Naengmyeon noodles

Naengmyeon-yong-guksu 냉면용국수

These dried brown noodles are made from buckwheat and sweet potato starch and wheat flour, and are essential for making naengmyeon (cold noodle soup).


Japanese soba noodles are also made of buckwheat, but are not nearly as chewy or elastic as these, so it’s worth getting the right noodles if you want to make real naengmyeon.

naengmyeon noodlesnaengmyeon noodles


Recipes that use naengmyeon noodles (naengmyeon-yong-guksu):



  1. thomashsu NYC joined 12/10
    Posted March 1st, 2011 at 10:21 pm | # |

    it’s funny that someone is complaining about chewy naengmyun noodles -that’s what makes it so great! do you know how the restaurants are able to make their naengmyun so chewy? Is there a specific type/brand of noodles you can buy from the store that are chewy like at the restaurants?

    I’ve never been able to make my naengmyun chewy, esp using dried noodles. Occasionally the fresh ones are chewy but it’s hit or miss. Any suggestions?

  2. nana
    Posted August 15th, 2009 at 11:14 pm | # |


    I’m Nana from Indonesia. In my town, it’s hard to find Korean grocery store.
    My family and I like to eat Korean food. I tried to make myself many of them with what I can find in the market.
    Korean grocery is very expensive here.
    I made Kimchi, anchovy, kalbi, japchae, spicy kimchi with beancurd.
    Now I found your cold noodle recipe ( thank you for posting it )I would like to try.
    Can I make this korean noodle with ordinary flour? because I don’t think I can find the buckwheat flour here and I’m used to make my own noodle.
    Please let me know what should I do.
    Thank you.

    • domm joined 12/10
      Posted December 14th, 2010 at 2:04 am | # |

      I can send you some.
      You must agree to buy Indonesian spice for me.
      Of course I have to pay for the purchases.

  3. ecile
    Posted July 13th, 2009 at 10:48 am | # |

    Hi Maangchi,
    I tried naengmyun at a nearby Korean restaurant yesterday.
    It’s cold and such a refreshing delight in this rigor of summer.
    The texture, however, tastes very very chewy.
    Not sure of that if it was as a result of the icy soup.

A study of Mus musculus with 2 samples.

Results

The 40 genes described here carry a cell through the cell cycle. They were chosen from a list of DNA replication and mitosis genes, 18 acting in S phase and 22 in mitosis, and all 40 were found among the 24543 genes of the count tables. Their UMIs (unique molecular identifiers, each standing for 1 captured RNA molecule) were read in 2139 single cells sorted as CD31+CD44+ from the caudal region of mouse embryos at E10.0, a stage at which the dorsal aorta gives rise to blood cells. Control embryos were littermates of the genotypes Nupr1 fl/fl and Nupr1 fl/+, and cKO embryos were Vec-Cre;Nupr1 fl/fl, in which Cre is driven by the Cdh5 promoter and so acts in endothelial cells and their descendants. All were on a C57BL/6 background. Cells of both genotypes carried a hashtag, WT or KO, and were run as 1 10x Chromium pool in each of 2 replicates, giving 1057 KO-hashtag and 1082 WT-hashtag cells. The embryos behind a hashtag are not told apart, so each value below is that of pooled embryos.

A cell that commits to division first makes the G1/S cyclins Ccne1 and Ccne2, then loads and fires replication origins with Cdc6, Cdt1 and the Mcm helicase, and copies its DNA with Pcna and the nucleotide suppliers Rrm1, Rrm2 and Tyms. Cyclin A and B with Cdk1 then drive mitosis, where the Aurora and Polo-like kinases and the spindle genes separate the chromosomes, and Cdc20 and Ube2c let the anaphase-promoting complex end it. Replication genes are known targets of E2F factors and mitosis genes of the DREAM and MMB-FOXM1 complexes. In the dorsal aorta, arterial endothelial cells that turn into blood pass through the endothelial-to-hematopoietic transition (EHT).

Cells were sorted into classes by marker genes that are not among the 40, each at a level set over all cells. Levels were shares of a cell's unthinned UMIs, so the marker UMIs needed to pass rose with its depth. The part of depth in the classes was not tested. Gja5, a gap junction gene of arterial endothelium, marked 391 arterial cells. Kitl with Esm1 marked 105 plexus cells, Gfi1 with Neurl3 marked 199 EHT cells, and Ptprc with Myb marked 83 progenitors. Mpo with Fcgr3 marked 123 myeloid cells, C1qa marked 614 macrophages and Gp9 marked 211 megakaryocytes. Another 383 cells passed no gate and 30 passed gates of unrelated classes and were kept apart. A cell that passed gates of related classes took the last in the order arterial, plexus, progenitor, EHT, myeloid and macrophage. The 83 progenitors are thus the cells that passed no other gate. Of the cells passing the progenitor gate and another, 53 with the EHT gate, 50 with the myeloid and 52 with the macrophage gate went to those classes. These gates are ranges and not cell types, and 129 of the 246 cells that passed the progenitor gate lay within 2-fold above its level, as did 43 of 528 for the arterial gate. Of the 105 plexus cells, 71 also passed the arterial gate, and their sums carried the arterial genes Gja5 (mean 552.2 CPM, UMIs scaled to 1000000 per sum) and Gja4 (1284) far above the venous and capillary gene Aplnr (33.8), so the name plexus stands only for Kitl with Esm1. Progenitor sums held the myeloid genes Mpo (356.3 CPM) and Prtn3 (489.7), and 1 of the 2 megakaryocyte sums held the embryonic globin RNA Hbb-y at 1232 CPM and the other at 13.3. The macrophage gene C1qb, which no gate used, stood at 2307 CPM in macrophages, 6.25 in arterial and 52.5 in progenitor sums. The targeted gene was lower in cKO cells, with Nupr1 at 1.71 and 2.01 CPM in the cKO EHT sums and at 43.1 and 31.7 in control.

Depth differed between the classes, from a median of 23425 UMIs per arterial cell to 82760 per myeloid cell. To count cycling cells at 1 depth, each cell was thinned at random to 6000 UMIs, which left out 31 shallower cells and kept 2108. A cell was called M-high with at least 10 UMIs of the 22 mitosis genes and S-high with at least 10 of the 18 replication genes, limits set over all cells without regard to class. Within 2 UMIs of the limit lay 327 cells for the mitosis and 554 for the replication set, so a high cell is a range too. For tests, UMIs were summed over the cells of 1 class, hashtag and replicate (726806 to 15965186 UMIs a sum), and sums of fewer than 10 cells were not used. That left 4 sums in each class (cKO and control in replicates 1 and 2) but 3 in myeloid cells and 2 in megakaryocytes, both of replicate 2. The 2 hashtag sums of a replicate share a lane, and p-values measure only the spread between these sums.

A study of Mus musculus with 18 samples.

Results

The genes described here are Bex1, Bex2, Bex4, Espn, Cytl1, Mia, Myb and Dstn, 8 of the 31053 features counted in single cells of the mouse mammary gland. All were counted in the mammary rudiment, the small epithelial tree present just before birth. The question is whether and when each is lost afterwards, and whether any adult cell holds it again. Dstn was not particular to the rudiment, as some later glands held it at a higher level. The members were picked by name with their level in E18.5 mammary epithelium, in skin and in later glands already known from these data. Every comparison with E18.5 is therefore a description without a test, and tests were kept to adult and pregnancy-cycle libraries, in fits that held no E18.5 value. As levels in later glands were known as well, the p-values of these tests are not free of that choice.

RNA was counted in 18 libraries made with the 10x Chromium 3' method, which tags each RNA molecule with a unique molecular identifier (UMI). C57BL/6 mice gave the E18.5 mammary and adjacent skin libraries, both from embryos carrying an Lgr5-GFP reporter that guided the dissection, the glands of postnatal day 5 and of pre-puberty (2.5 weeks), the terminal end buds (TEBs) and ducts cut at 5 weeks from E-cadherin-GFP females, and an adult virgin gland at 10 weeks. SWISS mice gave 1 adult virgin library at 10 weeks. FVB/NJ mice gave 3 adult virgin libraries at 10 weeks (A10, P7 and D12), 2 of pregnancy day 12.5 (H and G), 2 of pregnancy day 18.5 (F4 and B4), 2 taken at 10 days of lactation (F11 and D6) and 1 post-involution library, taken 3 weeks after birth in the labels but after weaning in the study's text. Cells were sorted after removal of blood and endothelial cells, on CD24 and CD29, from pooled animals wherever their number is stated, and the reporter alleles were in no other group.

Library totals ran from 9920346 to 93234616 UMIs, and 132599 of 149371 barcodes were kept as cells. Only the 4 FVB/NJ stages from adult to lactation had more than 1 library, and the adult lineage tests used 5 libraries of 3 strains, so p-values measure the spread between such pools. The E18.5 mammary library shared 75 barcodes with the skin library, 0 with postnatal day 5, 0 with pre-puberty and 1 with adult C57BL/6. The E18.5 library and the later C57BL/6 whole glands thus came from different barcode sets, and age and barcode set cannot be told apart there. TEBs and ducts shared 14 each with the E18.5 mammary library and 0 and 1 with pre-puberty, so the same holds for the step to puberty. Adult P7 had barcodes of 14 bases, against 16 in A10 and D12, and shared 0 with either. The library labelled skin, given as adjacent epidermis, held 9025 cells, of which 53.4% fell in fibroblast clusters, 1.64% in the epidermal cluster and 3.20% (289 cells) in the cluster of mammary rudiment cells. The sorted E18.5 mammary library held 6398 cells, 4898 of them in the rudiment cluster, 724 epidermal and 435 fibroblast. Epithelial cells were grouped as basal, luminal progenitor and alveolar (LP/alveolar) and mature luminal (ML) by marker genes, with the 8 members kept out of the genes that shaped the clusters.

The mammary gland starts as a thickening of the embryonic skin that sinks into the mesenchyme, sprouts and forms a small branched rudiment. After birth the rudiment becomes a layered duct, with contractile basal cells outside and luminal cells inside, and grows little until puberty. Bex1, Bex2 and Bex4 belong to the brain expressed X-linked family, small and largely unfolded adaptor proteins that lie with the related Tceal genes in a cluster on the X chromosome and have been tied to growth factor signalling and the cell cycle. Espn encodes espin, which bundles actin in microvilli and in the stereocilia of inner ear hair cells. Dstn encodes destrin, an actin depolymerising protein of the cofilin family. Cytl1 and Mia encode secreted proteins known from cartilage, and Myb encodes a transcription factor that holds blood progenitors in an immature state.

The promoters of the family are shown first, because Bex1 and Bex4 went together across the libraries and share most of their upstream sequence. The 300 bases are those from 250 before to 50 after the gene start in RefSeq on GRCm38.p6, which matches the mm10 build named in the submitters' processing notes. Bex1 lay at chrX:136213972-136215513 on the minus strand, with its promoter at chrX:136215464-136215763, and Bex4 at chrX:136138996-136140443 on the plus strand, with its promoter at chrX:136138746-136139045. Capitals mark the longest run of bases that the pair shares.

The noodles were so… elastic as to arouse my doubt of their using Japanese kong-nia-ku noodle in stead.
    Was that the orthodoxy feel this Korean noodle provide?
    For I’d really want to try this recipe out on my own but find it hard to procure this Korean exported noodle.
    Despite any case, I ate them all and “bottom up” the soup!

    • Maangchi New York City joined 8/08
      Posted July 13th, 2009 at 6:43 pm | # |

      Wow, I feel you will be crazy about naengmyeon sooner or later just like me! I love the chewy and elastic texture of naengmyeon noodles! You can get it at a Korean grocery store.

  4. Nishu
    Posted June 13th, 2009 at 11:03 pm | # |

    Hey I Want To Eat Naeng-Myun But I Dont have Yeolmu Kimchi
    So I Think Soup powder Is Availaible But One Serving Is Big For Me
    If I Do Half Of An Serving then How Much Soup powder Do I Need
    Thank You!

  5. Maangchi New York City joined 8/08
    Posted June 3rd, 2008 at 8:47 pm | # |

    The reason I put the knife there was so you can see the scale and how big the package of the noodles is. Anyway your view point is very interesting. It’s like poem. : )
    You got a new avatar, smiling face!

  6. james
    Posted June 3rd, 2008 at 9:34 am | # |

    I love the knife in this picture! Maybe it’s angry at the noodles ^^ Just a heads up on readers who will be trying the mustard oil included in these packages: it is very strong (it will open up your sinuses like there’s no tomorrow!). Don’t put the whole packet of oil in until you’re sure you like the flavor.